As a child my gran used to take me to walk through the gardens of the famed Old Word Concretes that have in existence since 1919. This place was my place of enchantment. The little fat cherubs and elves. I still have their pots in my garden. Well I had... I think my landscaper son has taken them away. He too is an artist and, how bizarre never having told him this story, his sculptures are in the category of outside art.

One of my lecturers many many years ago now (circa 1970s} told me that I belonged to the "uncharacterised few who bordered on the alternative" (I think he meant mad) as I revere the freedom of expression that very few people are able to conceptualize and carry forward, ignoring the rigid notion of art, or what is acceptable.

He challenged me to enter a competition and submit a thesis on art which I did and I won R200.00 (a fortune then). It paid for my 1955 Morris Minor car and two terms at tech, art school. I called it 'Outsider Art' - Helen Martens from the Owl House, Nieu Bethesda, being a prime example. Her renditions of people and animals are for me, perfect.


Helen Martens' ‘bottle lady (top) and others (Bev Young)


In East London we had Ernest Sieg, proprietor of the Copacabana Tea Garden, who created a wonderland in order to raise money for charity in 1960. The tea garden closed after almost 45 years of giving joy and wonder to thousands of children and raising a considerable sum of money for charity until the municipality expropriated the land.


A selection of Copacabana statues


I found a Mrs van der Mescht of Alexandria, district of the Eastern Cape where I live now. This remarkable woman, was both the station master and post mistress of Zuney Du Mond, a narrow gauge section of the area and had been there for 42 years when I met her. She had 8 children and said in her own words: “hulle is nie so lekker nie”. Apparently her deceased husband had not been too lekker either, although he created these amazing creatures, when “in his cups” as my granny used to say. He could neither read nor write but loved comic books. It was from ‘reading’ these, that he created the statues. He used heads of dead buck as well and made strange bodies for them.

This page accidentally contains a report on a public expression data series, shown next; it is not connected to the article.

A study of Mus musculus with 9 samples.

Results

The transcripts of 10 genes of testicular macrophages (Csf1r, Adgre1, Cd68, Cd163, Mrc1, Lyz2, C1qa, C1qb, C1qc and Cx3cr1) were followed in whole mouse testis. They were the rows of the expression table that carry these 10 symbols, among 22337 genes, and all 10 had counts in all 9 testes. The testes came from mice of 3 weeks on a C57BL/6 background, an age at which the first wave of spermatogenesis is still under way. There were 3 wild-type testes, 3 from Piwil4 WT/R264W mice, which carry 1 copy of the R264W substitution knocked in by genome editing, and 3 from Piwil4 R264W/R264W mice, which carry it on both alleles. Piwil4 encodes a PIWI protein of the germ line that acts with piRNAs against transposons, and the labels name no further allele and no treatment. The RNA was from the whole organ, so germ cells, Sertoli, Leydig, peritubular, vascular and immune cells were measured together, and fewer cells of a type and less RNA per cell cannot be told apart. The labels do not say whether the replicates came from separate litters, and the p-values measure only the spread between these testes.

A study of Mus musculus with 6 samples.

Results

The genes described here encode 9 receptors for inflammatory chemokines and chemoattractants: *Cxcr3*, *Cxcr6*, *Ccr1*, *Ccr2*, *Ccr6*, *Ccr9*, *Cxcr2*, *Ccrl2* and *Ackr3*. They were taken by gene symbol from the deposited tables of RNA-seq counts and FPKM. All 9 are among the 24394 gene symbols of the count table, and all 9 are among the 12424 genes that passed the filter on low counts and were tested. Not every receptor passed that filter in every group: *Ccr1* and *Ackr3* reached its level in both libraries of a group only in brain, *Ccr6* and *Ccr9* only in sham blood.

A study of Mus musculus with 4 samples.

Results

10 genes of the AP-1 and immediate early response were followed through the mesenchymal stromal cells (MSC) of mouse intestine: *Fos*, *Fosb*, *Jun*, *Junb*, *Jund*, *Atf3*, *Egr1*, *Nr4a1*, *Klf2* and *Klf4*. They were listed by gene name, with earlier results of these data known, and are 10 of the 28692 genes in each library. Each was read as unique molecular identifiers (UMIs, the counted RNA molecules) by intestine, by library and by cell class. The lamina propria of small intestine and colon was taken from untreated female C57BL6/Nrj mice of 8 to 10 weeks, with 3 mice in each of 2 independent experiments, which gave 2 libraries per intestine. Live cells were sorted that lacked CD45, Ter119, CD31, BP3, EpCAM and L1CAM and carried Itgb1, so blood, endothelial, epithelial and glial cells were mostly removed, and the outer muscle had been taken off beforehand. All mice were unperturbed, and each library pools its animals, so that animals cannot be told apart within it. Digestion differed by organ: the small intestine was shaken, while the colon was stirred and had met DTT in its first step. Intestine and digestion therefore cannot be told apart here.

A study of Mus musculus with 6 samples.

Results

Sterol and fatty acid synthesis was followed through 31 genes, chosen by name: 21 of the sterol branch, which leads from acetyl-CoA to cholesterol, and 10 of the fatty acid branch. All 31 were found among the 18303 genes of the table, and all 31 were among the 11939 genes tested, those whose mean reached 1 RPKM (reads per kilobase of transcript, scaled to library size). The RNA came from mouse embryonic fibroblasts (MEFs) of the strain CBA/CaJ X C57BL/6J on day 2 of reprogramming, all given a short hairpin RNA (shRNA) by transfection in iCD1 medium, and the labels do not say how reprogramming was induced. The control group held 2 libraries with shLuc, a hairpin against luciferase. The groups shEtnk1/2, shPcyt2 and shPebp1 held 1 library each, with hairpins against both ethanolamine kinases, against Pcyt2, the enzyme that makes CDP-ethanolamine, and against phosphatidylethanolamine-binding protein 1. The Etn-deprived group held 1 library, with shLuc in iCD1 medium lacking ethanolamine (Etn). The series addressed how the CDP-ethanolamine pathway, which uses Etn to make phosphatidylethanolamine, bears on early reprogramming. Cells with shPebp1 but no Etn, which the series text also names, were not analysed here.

Mrs van der Mescht died some time back, and in truth I never went back to see her, her work and life. However, on my return visit, the station had been looted, and all I could find to photograph were a few broken statues. All is not lost, as I have subsequently been contacted to say that a farmer has saved them and that I may visit him whenever it is convenient for me.


The broken statues of Zuney Du Mond (Bev Young)

Then of course we have the incomparable Khoisan art. The sheer magic, the unparalleled enduring ability to paint in a few lines, humans, animals and in doing so, they need no explanations at all.


Khoisan art (Dordrecht Museum)

In our world today, we have come to accept what we term ‘modern art’ and I will confess, to not understanding all of it. I am an art collector. There is no theme to what attracts me. Once I fall in love with a piece of art, I will sell my soul to own it.

Bev Young is a prolific researcher and writer on Eastern Cape history. She has explored thousands of significant spaces and forgotten places across the province. Her archive of material is a priceless resource.